Coping with the Fallout for Preference-receiving Countries from EU Sugar Reform
AbstractDeveloping countries can produce sugar at much lower cost than it can be produced in the EU, yet reform of the EU sugar policy will result in both winners and losers among them. Reform will benefit competitive sugar exporters currently excluded from the EU market. It will adversely affect those developing countries that currently benefit from preferential import access to the EU's high-priced sugar market, while diminishing the benefits received by those least-developed countries to which duty-free and quota-free access has been promised after July 2009. This article identifies the countries likely to lose and the extent of their potential losses. It examines alternative proposals that have been put forward to assist these countries to adjust to the adverse effects of EU sugar policy reform and contributes to the debate by putting forward a further proposal.
Volume (Year): 07 (2006)
Issue (Month): 1 ()
Other versions of this item:
- Hannah Chalplin & Alan Matthews, 2005. "Coping with the fallout for preference-receiving countries from EU sugar reform," The Institute for International Integration Studies Discussion Paper Series iiisdp100, IIIS.
- F10 - International Economics - - Trade - - - General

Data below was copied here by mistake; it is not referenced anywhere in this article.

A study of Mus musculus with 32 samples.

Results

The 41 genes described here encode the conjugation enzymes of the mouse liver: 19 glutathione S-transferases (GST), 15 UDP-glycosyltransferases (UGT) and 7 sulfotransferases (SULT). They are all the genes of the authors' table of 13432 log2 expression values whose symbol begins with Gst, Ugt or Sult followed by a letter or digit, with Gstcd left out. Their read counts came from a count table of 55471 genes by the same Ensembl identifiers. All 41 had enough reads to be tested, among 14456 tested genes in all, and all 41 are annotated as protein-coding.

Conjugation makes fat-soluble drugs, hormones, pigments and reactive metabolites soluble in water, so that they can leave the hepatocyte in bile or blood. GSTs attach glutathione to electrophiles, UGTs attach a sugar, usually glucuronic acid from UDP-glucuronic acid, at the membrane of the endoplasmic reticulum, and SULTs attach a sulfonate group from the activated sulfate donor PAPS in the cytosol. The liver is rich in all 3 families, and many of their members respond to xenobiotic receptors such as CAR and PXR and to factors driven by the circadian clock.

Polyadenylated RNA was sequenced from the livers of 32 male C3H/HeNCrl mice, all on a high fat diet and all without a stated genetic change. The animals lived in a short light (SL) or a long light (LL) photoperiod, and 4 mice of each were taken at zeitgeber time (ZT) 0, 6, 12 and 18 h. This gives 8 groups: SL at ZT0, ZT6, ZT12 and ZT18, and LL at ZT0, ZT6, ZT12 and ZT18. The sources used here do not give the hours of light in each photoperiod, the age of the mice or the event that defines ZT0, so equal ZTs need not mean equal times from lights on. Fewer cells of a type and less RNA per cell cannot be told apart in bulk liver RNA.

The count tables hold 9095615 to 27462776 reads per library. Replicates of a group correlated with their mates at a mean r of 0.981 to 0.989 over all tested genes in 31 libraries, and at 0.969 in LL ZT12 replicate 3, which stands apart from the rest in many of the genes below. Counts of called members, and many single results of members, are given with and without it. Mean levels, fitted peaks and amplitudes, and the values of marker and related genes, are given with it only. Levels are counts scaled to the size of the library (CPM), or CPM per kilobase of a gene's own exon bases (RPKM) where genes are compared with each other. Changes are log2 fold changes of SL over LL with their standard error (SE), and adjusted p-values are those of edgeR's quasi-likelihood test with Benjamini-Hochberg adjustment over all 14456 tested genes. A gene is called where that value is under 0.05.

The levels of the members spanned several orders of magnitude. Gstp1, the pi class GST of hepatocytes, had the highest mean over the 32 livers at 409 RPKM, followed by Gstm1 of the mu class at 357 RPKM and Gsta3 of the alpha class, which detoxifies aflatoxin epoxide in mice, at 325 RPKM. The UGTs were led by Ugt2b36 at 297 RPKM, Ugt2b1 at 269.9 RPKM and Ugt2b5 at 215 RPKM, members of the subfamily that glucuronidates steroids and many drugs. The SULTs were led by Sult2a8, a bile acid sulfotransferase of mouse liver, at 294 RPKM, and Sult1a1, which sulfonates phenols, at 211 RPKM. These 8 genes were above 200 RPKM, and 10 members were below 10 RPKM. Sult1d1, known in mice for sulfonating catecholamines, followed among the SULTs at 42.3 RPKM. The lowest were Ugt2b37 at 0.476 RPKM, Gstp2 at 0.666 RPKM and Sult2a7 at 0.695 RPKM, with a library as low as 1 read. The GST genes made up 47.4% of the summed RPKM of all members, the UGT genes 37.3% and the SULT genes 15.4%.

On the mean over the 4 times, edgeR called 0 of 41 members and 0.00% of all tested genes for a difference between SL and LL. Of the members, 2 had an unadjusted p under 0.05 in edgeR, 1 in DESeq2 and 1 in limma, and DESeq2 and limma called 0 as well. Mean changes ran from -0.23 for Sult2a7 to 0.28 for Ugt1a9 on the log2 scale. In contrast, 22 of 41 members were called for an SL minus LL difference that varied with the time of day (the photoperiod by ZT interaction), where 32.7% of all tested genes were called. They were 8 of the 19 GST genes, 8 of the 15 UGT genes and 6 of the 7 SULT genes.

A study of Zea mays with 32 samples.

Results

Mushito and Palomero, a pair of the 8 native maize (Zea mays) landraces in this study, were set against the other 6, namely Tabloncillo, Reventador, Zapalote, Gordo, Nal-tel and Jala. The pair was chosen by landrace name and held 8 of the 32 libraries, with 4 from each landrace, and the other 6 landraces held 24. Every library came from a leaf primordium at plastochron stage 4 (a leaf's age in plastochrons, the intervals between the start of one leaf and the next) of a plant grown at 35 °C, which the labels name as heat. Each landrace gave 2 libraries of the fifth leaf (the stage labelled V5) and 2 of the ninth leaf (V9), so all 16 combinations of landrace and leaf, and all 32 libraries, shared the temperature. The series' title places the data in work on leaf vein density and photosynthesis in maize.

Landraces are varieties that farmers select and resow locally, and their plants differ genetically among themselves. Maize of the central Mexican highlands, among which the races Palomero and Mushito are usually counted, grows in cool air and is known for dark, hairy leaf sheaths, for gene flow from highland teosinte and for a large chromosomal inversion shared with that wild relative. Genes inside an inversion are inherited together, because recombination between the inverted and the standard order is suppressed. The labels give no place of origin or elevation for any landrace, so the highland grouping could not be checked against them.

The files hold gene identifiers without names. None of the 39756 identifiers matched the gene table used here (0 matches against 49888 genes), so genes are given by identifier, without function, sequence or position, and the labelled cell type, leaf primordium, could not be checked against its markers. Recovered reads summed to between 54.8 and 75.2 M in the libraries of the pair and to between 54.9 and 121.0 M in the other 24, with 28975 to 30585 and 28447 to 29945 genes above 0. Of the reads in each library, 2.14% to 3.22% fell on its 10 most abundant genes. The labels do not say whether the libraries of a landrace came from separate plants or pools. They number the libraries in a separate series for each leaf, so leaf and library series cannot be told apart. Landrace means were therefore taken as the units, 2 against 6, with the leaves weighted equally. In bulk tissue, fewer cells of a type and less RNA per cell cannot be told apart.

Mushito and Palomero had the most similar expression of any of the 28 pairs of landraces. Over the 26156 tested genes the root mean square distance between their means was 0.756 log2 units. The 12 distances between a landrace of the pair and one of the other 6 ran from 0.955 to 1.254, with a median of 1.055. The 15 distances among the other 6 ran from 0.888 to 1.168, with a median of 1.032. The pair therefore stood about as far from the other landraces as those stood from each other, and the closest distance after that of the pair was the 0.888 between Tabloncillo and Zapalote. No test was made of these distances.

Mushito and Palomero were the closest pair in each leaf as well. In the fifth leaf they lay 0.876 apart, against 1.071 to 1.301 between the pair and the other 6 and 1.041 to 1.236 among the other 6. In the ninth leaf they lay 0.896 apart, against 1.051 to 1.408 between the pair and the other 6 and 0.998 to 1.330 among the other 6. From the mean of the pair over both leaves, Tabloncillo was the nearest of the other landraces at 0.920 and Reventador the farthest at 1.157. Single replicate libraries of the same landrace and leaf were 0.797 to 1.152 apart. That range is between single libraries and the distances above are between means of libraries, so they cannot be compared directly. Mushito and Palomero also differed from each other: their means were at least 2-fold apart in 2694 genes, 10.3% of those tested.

- Q18 - Agricultural and Natural Resource Economics; Environmental and Ecological Economics - - Agriculture - - - Agricultural Policy; Food Policy
Please report citation or reference errors to , or , if you are the registered author of the cited work, log in to your RePEc Author Service profile, click on "citations" and make appropriate adjustments.:
- Larson, Donald F. & Borrell, Brent, 2001. "Sugar policy and reform," Policy Research Working Paper Series 2602, The World Bank.
- Leena Kerkelä & Ellen Huan-Niemi, 2005. "Trade Preferences in the EU Sugar Sector: Winners and Losers," Discussion Papers 358, Government Institute for Economic Research Finland (VATT).
- Elbehri, Aziz & Umstaetter, Johannes & Kelch, David R., 2008. "The EU Sugar Policy Regime and Implications of Reform," Economic Research Report 56457, United States Department of Agriculture, Economic Research Service.
- Christopher Stevens, 2006. "Why unwinding preferences is not the same as liberalisation: the case of sugar," The Institute for International Integration Studies Discussion Paper Series iiisdp137, IIIS.
- Alan Matthews & Jean-Christophe Bureau, 2005. "EU Agricultural Policy: What Developing Countries Need to Know," The Institute for International Integration Studies Discussion Paper Series iiisdp91, IIIS.
- Alan Matthews, 2008. "EPAs and the Demise of the Commodity Protocols," The Institute for International Integration Studies Discussion Paper Series iiisdp258, IIIS.
- Gotor, Elisabetta, 2009. "The Reform of the EU Sugar Trade Preferences toward Developing Countries in Light of the Economic Partnership Agreements," Estey Centre Journal of International Law and Trade Policy, Estey Centre for Law and Economics in International Trade, vol. 10(2).
- Alan Matthews & Hannah Chaplin & Thomas Giblin & Marian Mraz, 2007. "Strengthening Policy Coherence for Development in Agricultural Policy: Policy Recommendations to Irish Aid," The Institute for International Integration Studies Discussion Paper Series iiisdp188, IIIS.
- Bureau, Jean-Christophe & Gohin, Alexandre & Guindé, Loïc & Millet, Guy & Brandão, Antônio Salazar P. & Haley, Stephen & Wagner, Owen & Orden, David & Sandrey, Ron & Vink, Nick, 2008. "The future of global sugar markets: Policies, reforms, and impact," IFPRI discussion papers 829, International Food Policy Research Institute (IFPRI).